Doctor Answers (7)

Yes of course there are harmful side effects of BOTOX

+2

BOTOX treatment in sufficiently high doses have been associated with deaths in individuals with preexisting medical conditions.  The FDA has a very detailed black box warning regarding these issues.  At the same time, this is largely a function of dose.  In the dosages typically used for cosmetic treatment, there are still side effects in a small percentage of individuals.  Overall this treatment is very well tolerated and loved by millions of individuals through out the world who receive treatment with absolutely no issue.  Is BOTOX right for you?  This is really a discussion you should have with your potential injecting physician.  I recommend finding a physician in the aesthetic core for the best possible results: Dermatology, Plastic Surgery, Facial Plastic Surgery and Oculoplastic Surgery.


Los Angeles Oculoplastic Surgeon
5.0 out of 5 stars 17 reviews

Possible side effects of Botox


Donald B. Yoo, MD
Beverly Hills Facial Plastic Surgeon
5.0 out of 5 stars 19 reviews

Complications of Botox


Some extremely rare complications have been reported depending on the use of Botox, possibly off-label uses, and you should discuss this with your doctor depending on the specific use of your botulinum toxin treatment.

The information provided in Dr. Shelton's answer is for educational purposes only and is not intended to constitute medical advice.  The information provided should not be relied upon as a substitute for consultations with a qualified health professional who may be familiar with your individual medical needs. If you are experiencing a medical emergency proceed to your nearest emergency room.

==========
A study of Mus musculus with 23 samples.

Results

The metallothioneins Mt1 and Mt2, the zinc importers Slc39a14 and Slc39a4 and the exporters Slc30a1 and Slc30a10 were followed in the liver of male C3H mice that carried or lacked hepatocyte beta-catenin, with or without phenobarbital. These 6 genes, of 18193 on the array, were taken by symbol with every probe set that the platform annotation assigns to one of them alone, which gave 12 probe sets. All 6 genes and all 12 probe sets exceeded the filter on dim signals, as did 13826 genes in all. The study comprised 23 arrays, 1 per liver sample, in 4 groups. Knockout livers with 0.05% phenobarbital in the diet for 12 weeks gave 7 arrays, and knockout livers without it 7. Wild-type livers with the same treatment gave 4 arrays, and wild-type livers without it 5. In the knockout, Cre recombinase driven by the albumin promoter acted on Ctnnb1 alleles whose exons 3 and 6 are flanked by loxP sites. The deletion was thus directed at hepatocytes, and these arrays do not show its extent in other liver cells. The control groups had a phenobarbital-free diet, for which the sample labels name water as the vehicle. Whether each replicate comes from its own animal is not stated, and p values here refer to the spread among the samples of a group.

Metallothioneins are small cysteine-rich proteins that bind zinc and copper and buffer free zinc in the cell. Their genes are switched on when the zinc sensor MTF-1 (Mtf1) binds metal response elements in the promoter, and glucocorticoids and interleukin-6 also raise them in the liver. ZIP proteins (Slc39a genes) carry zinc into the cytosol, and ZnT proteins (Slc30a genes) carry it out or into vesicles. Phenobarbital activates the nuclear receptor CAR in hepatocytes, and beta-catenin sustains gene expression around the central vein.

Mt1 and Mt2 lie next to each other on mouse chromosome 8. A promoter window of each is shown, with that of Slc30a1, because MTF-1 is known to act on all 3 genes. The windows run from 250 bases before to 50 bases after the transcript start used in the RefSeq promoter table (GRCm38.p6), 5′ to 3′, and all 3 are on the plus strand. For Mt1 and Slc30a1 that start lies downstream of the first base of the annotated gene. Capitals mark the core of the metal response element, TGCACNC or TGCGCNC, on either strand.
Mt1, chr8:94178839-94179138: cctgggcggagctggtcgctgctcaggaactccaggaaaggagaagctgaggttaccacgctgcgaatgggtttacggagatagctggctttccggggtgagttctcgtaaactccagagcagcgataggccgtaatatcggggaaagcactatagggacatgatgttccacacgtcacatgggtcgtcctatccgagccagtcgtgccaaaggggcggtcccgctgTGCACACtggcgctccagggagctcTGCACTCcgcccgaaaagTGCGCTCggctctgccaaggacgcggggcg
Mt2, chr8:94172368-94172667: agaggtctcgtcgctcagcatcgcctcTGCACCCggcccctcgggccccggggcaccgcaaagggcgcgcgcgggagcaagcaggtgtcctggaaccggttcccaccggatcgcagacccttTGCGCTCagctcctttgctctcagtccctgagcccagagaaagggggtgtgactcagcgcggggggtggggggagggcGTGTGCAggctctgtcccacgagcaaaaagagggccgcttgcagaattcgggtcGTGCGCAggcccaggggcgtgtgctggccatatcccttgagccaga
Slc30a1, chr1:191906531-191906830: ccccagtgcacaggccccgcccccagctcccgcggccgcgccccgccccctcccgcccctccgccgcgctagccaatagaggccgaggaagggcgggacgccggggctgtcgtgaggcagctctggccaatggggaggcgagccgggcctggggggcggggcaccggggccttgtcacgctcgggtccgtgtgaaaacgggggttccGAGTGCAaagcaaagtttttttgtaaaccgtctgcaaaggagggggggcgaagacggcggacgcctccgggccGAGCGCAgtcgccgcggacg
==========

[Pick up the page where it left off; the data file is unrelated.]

Ronald Shelton, MD
Manhattan Dermatologist
5.0 out of 5 stars 31 reviews



Benjamin Barankin, MD
Toronto Dermatologic Surgeon
5.0 out of 5 stars 23 reviews

Side Effects and Botox


Frank Lista, MD
Toronto Plastic Surgeon
4.5 out of 5 stars 48 reviews

Harmful side effects to Botox


William Ting, MD
Bay Area Dermatologic Surgeon
5.0 out of 5 stars 8 reviews

Yes, there can be some harmful side effects to BOTOX®


According to a survey conducted in 2005 by the Aesthetic Surgery Education and Research Foundation, most patients were satisfied with the results of their BOTOX® Cosmetic treatment.

And, according to the American Society for Aesthetic Plastic Surgery (ASAPS), BOTOX® Cosmetic was the most popular physician-administered cosmetic procedure in the United States for the fourth year in a row (surgical and nonsurgical combined). ASAPS estimates that almost 3.3 million treatments were performed in 2005 alone—that’s an increase of almost 16% from 2004.

Jeffrey Ptak, MD, FACS
Phoenix Plastic Surgeon
4.5 out of 5 stars 3 reviews

These answers are for educational purposes and should not be relied upon as a substitute for medical advice you may receive from your physician. If you have a medical emergency, please call 911. These answers do not constitute or initiate a patient/doctor relationship.